BALLOONING—OWEN KEOWN, who wasn't ranked among the top 50 competitors, beat four national titlists and defending world champion Bruce Comstock to win the National Hot Air Championships in Indianola, Iowa.
BOWLING—MARSHALL HOLMAN beat Del Ballard 234-194 in a PBA event in Austin, Texas.
BOXING—HECTOR (Macho) CAMACHO defeated Rafael (Bazooka) Limon with a TKO in the fifth round in San Juan for the WBC super featherweight title (page 18).
DIVING—GREG LOUGANIS won the platform division for his 24th national title at the U.S. Outdoor Diving Championships in Bartlesville, Okla. He had 643.59 points, 18.30 ahead of defending champ Bruce Kimball.
August 14, 1983
GOLF—HAL SUTTON, 1982 rookie of the year, fired a 10-under-par 274 to beat Jack Nicklaus by one shot for the $100,000 winner's check in the PGA Championship in Pacific Palisades, Calif.
Patti Rizzo, also 1982 rookie of the year, won her first tournament on the LPGA tour, shooting an 11-under-par 277 to beat Jane Lock by two strokes in Danvers, Mass.
Tim Straub of New York beat John Mahon of California one-up over 18 holes to win the USGA Junior Boys' title in Bethlehem, Pa.
HARNESS RACING—DUENNA ($5.60), driven by Stanley Dancer, beat Winkys Gill by two lengths to collect the $540,000 winner's purse in the 58th Hambletonian Trot at the Meadowlands. The 3-year-old trotted the mile in 1:57[2/5] time to become the first filly since 1966 to win the race (page 52).
HORSE RACING—SPIT CURL ($11.20), ridden by Jean Cruguet, beat Lady Norcliffe by 8½ lengths in the Alabama Stakes for fillies at Saratoga Springs. The 2-year-old ran the 1¼ miles in 2:02[2/5].
MOTOR SPORTS—RENE ARNOUX, driving a Ferrari, beat Andrea de Cesaris by 1:10.65 minutes to win the German Grand Prix at Hockenheim. Arnoux averaged 130.82 mph around the 4.22-mile Hockenheimring circuit.
MODERN PENTATHLON—ANATOLI STAROSTIN of the U.S.S.R. amassed 5,506 points to defeat Tamas Szombathelyi, who had 5,423, in the 27th World Pentathlon Championships in Warendorf, West Germany.
SOCCER—On July 20, Vancouver led the second-place Cosmos by 27 points in the overall standings. A runaway. But by Aug. 7, after five wins in six matches, the Cosmos had picked up 35 points on the Whitecaps and trailed them by just five, 149-144. Julio Cesar Romero sparked the Cosmos' 3-1 win over San Diego, scoring two goals as the Cosmos played without Giorgio Chinaglia, still nursing a pulled hamstring, and Roberto Caba√±as, who drew a one-game suspension for exceeding the yellow-card limit. The Cosmos then beat Montreal 4-2, who lost to the Chicago Sting earlier. Cosmo Forward Steve Moyers scored two goals in that game, and Caba√±as and Vladislav Bogicevic each had one. Idle Vancouver leads Golden Bay in the Western Division by 27 points. Team America, which had scored only five goals in eight games, broke an eight-game losing streak by beating Fort Lauderdale 4-2. Dan Canter scored three T.A. goals.
SWIMMING—RICK CAREY broke the second-oldest world record on the books when he swam the 200-meter backstroke in 1:58.93, .26 second better than John Naber's mark set at the 1976 Olympics; in Fresno, Calif. Three days later at the same meet, Carey broke yet another Naber world mark in the morning preliminaries, this in the 100-meter backstroke with his time of 55.44, .05 better than Naber's. In the evening finals he lowered that time to 55.38. MATT GRIBBLE lowered Bill Panlus' 1981 world 100-meter butterfly record by .37 second with a 53.44; and STEVE LUNDQUIST broke his own world mark in the 100-meter breaststroke by .19 with a time of 1:02.34 (page 10).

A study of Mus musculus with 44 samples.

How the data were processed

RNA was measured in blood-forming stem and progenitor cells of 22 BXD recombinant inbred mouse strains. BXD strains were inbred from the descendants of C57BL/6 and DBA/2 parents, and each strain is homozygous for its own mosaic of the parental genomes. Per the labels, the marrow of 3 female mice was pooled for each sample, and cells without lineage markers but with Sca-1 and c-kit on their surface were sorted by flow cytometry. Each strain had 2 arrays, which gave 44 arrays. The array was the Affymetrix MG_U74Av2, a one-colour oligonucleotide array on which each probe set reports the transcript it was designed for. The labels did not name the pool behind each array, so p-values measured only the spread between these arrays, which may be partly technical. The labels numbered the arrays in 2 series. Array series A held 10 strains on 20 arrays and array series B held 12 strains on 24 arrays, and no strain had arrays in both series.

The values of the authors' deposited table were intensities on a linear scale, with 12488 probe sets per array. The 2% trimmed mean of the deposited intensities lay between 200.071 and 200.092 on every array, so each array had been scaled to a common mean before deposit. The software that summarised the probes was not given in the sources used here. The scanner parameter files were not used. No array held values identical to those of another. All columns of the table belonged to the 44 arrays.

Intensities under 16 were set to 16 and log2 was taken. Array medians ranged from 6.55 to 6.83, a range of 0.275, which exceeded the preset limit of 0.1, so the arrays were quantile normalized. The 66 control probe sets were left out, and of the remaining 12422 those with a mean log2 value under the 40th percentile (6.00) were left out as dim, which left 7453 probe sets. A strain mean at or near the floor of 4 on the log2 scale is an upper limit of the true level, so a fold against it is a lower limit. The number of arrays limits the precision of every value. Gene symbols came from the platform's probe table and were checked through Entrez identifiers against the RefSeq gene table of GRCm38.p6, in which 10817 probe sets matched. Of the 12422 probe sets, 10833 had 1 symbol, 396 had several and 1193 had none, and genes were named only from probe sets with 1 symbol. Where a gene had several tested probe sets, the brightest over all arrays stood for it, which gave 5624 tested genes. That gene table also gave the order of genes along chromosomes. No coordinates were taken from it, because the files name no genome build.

TENNIS—At the U.S. Clay Court Championships in Indianapolis, JIMMY ARIAS beat Andres Gómez of Ecuador 6-4, 2-6, 6-4 to collect the $51,000 winner's check. In the women's final, ANDREA TEMESVARI defeated Zina Garrison 6-2, 6-2 to win $34,000 (page 48).
José-Luis Clerc beat Andres Gómez 6-3, 6-1, to claim the $34,000 winner's check in a Grand Prix tournament in North Conway, N.H. It was Clerc's third straight championship.
MILEPOSTS—ANNOUNCED: By BRIAN LAWTON, 18, of Cumberland, R.I., the No. 1 pick in the '83 NHL draft, that he has signed a four-year $700,000 contract with the Minnesota North Stars, thus making himself ineligible to play for the 1984 Olympic team; and by PAT LAFONTAINE, 18, of Detroit, the No. 3 pick in the draft and the No. 2 American chosen, that he will not sign with the New York Islanders until after he plays for the U.S. team at Sarajevo in February.
ARRESTED: On charges of helping to sell cocaine to undercover agents of the U.S. Drug Enforcement Agency, Washington Redskin Strong Safety TONY PETERS, 30; at training camp in Carlisle, Pa.
NAMED: As coach of the unnamed USFL franchise in Pittsburgh, JOE PENDRY, 36, offensive coordinator of the Philadelphia Stars last season.
SIGNED: By the San Diego Chargers, Tampa Bay Bandits Running Back GARY ANDERSON, 22. San Diego's second pick in the first round of the '83 NFL draft, Anderson becomes the first player to jump a USFL contract and sign with the NFL.
SUSPENDED: By NFL Commissioner Pete Rozelle, Los Angeles Rams Linebacker MIKE REILLY, 24, for the entire 1983 season; he also was fined $5,000 by Rozelle. Reilly is currently serving a one-year jail sentence for vehicular manslaughter stemming from an August 1982 accident. He has been participating in Ram practices as part of a work-furlough program and had hoped to play all season.
TRADED: By the Minnesota North Stars, Center TIM YOUNG, 28, to the Winnipeg Jets for defensemen CRAIG LEVIE, 23, and TOM WARD, 19.
By the New Orleans Saints, Linebacker ED SIMONINI, 29, to the Miami Dolphins, and also by the Saints, 11-year Safety TOMMY MEYERS, 32, to the Buffalo Bills.